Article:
A Celtic Celebration (CD)
Steve Schuch and The Night Heron Consort
With all the holiday music we've been listening to, the time is right to tell you about one of my favorite holiday albums.
This is a CD I've had for about as long as I've had CDs and the music (now MP3s of course) goes into my rotation every year.
It's an instrumental CD with a great style. All the songs have very strong "vocal" lines done on various instruments, like the penny whistle or the fiddle. The number of instruments used is impressive, and includes a huge amount of unique percussion. (The liner notes say: Traditional Christmas Songs played on fiddle, whistles, guitar, harp, pipes and more.) They use the tone of each instrument to bring out different parts of each song. The verses build upward in most of the tracks, providing an arc sometimes missing when carols are done without words. It's very effective, and the intricate counterpoints and unique arrangements add an enormous depth to the music.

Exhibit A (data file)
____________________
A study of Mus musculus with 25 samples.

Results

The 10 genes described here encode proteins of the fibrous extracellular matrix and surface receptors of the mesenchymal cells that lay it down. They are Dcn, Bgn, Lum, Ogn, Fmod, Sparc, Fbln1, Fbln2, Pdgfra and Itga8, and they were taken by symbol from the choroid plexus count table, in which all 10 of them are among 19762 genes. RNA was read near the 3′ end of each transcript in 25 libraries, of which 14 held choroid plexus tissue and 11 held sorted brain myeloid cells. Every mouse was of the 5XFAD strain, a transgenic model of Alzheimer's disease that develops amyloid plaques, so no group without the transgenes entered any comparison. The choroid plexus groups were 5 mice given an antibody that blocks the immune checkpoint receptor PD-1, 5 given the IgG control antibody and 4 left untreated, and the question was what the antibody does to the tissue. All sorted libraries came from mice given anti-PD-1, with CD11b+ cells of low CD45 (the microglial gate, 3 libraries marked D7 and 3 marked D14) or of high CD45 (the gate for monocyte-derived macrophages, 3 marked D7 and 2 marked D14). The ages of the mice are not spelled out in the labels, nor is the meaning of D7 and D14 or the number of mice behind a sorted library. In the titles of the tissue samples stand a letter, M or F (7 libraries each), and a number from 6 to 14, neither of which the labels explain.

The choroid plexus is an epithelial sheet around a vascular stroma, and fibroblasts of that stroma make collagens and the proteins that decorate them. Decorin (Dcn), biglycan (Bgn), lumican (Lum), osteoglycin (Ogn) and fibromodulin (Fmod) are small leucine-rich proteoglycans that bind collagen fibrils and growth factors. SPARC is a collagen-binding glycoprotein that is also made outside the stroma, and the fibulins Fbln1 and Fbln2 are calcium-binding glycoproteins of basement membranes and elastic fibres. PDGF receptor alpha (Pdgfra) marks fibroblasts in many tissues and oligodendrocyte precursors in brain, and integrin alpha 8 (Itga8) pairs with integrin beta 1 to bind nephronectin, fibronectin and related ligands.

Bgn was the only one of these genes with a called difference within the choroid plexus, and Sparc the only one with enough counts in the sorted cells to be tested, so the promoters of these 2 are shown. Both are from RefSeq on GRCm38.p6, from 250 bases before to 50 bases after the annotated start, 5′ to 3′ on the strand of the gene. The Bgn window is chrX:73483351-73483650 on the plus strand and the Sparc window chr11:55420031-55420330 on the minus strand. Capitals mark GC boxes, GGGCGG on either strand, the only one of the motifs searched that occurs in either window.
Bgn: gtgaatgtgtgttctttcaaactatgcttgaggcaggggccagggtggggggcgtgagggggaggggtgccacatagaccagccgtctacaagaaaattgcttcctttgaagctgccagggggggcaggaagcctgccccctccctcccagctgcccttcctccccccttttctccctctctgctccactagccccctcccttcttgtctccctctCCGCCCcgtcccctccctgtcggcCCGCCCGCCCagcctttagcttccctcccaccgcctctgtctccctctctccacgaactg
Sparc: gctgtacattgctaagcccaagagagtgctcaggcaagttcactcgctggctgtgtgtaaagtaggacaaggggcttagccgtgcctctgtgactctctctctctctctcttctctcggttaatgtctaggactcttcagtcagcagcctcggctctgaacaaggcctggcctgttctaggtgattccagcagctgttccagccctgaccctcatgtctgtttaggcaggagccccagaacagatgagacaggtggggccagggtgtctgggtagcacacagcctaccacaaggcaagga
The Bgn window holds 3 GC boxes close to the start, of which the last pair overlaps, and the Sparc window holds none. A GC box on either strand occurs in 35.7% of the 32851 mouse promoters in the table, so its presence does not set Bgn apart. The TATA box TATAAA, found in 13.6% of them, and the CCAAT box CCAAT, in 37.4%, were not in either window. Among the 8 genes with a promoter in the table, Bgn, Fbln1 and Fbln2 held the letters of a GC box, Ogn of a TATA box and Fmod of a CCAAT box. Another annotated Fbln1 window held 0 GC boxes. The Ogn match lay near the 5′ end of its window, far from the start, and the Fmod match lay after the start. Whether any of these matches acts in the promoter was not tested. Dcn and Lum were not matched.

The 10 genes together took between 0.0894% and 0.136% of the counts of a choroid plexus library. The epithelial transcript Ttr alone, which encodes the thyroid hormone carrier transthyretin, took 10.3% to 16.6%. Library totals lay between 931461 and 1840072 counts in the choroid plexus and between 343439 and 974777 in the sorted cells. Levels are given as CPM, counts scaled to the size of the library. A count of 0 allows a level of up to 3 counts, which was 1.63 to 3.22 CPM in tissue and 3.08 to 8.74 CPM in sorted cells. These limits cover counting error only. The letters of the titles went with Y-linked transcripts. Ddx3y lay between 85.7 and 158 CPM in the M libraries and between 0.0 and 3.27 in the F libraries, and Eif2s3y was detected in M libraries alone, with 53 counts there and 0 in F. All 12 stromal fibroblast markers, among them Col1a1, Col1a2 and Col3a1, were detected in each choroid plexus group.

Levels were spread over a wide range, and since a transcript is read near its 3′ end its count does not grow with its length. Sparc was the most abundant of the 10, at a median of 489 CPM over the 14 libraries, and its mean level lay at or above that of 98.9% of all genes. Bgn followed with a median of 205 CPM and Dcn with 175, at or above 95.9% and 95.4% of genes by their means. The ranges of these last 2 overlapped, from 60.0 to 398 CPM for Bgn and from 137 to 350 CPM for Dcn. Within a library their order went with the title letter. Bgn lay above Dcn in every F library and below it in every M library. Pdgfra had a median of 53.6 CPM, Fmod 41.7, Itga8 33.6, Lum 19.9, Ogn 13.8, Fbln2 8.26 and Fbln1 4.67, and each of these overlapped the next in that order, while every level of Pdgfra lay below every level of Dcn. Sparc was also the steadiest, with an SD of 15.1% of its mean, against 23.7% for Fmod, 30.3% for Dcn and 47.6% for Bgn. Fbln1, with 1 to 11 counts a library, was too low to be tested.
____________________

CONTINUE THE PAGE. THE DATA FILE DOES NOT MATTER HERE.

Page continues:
The style overall has an acoustic, warm feeling. The tracks are a good mix of quick and gentle tempos, of songs I know and songs I am less familiar with.
One of my favorite tracks is a energetic medley of Good King Wenceslas and God Rest Ye Merry Gentlemen. I also enjoy this Away in a Manger, a song I often dislike, because they break up the simplicity of the main vocal line with a beautiful counterpoint melody.
My favorite track might still be the Twelve Days of Christmas, though. It's a fantastically original version in which each present is played by a different appropriate sound. In other words, "geese a'laying" is played by a wind instrument that sounds somewhat like a goose, "maids a'milking" includes actual recordings of cowbells and a cow, and the lead 'vocal' throughout is on a partridge-like whistle.
Check out this great interview about the recording (from the release in 1996, sound is a bit off here and there): http://www.nightheron.com/media/mov/kerrycow.mov
(Alternate Link: http://www.nightheron.com/video.html )
The whole CD is fantastic. If you have affection for both Carols and Celtic harmonies, you owe it to yourself to check this out.